Recent reports of a rise in African American turnout in the 2014 primaries, the implications of this in light of the new voter ID law, and the upcoming court case surrounding it, looks like much ado about nothing. Others may disagree, of course, but the latest analysis by DemocracyNC seems to indicate that those who say “Massive Black turnout increase! Voter ID vindicated!” and “Massive Black turnout increase! Voter backlash! Republicans doomed this November!” are both wrong.
Here are the facts: Black turnout in the 2010 primaries was 11.42%. In the 2014 primaries, turnout increased, to 13.36%.
Reports of a mammoth increase in African American turnout are based on raw numbers of voters. In 2010, about 150,000 Blacks voted in the primaries. In 2014, that number was about 200,000. Those same reports say this is an increase of about 29%, while whites only increased their numbers by 16% or something. While that’s true, one must consider the fact that the Black population of this state is on the rise, particularly in urban areas. The white population is not growing as fast. But this is not news to anyone. It’s the same demographic shift we’ve been hearing about for years now. And it has almost nothing to do with voter turnout, or has any implication for November (though a declining White population is obviously not good news for Republicans).
Up to this point, I’m in agreement with the folks at DemocracyNC, who concede that yes, overall Black turnout increased. But wait, they say. Just looking at the statewide voting totals is a distortion of the real picture, and it’s necessary to look at turnout, county-by-county. They find, to their horror, that Black turnout actually declined in 32 counties. Oh no! If that’s the case, then there were only 68 counties with a rise in African American turnout from 2010.
Then they point out this statistic: “Two-thirds (66%) of the increased number of votes cast by black voters statewide came from just 7 counties where there were hot races and/or stronger Early Voting opportunities than offered in 2010.”
So basically, one-third of the increased African American turnout came from counties where there were no hot races and Early Voting opportunities no stronger than those offered in 2010. Basically, the rise in Black turnout is unaccounted for. Thank goodness we might get a preliminary injunction to stop this madness.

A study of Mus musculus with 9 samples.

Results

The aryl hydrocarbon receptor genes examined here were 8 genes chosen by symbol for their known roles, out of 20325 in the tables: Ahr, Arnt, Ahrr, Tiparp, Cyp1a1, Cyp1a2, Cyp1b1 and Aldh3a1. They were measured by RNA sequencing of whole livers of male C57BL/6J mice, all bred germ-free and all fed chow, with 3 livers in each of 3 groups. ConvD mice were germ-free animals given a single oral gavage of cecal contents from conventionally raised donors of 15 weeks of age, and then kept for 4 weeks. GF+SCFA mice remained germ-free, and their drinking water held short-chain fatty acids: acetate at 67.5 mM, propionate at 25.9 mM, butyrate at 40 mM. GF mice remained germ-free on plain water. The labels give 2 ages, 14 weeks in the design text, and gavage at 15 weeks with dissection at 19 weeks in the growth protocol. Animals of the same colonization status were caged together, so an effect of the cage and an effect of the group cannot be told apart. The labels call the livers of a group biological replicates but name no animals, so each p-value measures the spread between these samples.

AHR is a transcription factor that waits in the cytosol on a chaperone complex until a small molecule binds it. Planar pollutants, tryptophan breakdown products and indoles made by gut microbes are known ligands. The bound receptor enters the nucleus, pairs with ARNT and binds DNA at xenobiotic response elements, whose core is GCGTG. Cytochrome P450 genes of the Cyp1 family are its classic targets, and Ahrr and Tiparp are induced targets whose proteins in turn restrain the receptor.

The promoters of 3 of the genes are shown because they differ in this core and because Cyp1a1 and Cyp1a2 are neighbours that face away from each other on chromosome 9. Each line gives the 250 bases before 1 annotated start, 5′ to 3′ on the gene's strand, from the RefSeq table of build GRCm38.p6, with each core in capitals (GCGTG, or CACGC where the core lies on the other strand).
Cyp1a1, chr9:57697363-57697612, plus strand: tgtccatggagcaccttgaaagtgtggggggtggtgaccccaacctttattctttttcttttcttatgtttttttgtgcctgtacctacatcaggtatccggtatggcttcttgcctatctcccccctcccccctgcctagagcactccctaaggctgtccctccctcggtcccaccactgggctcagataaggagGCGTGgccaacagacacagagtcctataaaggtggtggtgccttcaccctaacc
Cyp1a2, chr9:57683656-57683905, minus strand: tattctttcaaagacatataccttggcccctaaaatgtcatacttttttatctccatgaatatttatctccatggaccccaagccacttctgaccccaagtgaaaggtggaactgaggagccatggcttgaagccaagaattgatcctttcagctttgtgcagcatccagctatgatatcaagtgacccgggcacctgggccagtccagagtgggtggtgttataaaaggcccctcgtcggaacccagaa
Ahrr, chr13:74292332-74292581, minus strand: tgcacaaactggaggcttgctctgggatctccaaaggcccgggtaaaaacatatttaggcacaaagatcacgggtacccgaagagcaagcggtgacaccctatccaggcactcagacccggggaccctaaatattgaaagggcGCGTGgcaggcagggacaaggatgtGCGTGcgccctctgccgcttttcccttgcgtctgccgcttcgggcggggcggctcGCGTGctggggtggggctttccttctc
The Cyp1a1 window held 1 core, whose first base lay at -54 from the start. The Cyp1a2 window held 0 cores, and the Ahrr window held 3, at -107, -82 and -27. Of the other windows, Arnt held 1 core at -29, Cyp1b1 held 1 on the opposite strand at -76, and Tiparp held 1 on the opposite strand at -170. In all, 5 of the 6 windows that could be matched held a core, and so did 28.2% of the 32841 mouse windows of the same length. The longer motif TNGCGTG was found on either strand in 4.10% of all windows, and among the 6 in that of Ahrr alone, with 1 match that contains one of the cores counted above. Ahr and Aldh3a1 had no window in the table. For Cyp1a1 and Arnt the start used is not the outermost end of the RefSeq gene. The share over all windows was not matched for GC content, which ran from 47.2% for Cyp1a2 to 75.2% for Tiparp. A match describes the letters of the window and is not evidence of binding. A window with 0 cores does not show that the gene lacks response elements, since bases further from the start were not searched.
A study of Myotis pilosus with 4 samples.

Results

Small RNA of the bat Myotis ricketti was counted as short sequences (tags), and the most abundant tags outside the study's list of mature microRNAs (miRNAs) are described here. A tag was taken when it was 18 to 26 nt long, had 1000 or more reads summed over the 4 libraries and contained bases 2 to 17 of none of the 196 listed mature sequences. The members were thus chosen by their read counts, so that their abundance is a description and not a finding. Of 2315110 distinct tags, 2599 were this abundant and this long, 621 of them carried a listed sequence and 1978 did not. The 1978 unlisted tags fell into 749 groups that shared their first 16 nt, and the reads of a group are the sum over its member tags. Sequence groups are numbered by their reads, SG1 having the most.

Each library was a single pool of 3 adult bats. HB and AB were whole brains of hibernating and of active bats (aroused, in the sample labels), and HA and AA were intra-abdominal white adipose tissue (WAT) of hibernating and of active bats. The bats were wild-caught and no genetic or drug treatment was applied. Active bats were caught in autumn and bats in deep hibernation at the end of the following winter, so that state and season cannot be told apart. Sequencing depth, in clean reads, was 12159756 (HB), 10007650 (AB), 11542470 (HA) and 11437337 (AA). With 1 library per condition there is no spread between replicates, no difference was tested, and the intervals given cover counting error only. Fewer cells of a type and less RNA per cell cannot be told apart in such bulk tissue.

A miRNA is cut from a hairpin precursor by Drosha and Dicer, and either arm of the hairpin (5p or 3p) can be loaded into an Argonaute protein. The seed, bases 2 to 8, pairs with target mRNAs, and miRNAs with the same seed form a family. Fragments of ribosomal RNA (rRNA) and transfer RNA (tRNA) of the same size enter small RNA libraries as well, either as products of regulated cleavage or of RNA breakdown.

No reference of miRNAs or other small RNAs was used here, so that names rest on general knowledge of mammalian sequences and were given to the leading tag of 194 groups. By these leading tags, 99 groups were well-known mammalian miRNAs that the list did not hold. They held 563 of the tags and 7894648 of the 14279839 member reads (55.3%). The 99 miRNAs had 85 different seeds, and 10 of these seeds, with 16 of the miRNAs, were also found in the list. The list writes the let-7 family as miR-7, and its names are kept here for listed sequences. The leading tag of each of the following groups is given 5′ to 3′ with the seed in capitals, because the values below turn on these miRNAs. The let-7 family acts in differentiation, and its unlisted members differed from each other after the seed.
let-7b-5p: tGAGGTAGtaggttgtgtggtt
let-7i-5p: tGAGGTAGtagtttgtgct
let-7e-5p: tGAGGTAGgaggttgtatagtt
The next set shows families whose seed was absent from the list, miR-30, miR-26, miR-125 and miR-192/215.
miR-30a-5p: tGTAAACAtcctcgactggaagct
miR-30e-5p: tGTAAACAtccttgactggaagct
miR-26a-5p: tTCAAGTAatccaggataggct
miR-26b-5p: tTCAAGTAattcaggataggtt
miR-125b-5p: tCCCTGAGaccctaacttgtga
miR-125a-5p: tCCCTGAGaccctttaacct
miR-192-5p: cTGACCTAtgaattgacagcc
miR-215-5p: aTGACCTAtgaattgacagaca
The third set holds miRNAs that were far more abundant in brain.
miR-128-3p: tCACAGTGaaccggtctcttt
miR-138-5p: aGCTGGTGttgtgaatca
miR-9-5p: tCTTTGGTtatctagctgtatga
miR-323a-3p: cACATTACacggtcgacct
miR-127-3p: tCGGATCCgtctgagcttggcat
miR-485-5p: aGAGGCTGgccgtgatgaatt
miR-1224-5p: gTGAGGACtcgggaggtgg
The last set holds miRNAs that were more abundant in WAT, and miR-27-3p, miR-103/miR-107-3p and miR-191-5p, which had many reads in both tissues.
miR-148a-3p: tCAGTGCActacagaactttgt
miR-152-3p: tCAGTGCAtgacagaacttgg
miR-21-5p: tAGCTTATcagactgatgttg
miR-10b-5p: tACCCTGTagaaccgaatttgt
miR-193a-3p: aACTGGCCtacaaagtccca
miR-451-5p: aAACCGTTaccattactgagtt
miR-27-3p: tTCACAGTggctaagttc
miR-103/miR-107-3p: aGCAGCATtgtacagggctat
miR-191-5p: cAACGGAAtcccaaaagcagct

Their implication is that in many counties where there was a rise in Black turnout, there were actually competitive races on the ballot, so we should just discount those results. OK, but what about the counties that saw a drop in African American turnout? Maybe they had competitive races in their locality in 2010 and didn’t this year. Should we just ignore those counties too?
Finally, DemocracyNC ignores the biggest contest from 2010 – the May Democratic U.S. Senate primary. We would expect to see a decline in African American turnout from 2010, if nothing else because most African Americans are Democrats and Democrats did not have a competitive Senate primary in 2014. The increase in Black turnout in spite of this is perhaps evidence that African Americans are indeed more energized than they were in 2010. A study on the partisan turnout from the 2010 and 2014 primaries would be needed to confirm these findings.
While I disagree with their conclusions, the report at DemocracyNC deserves a look. And if you really want to delve deeper into the data, download the Excel file to see the dataset they compiled from which they derived their analysis. Special thanks to them for making this data available.
The bottom line: given the lack of a competitive Democratic Senate primary, we would have expected to see a decline in Black turnout. Instead, we saw an increase. We don’t know why. It could be that local races drew higher turnout – say, the 12th district Democratic primary. It could be that backlash against Republican legislators did the trick. Perhaps there was a combination of both.
In any case, those who favor the new voter reforms don’t have to provide evidence of higher turnout from certain groups, though they have it now. Instead, the burden of proof is on liberal organizations to show that turnout has been reduced. So far they’ve failed, miserably.
John Wynne is the “conservative voice” at PoliticsNC, where he also provides polling analysis and commentary on legislative campaigns. When not writing about politics, he enjoys gardening and listening to opera. Contact: firstname.lastname@example.org.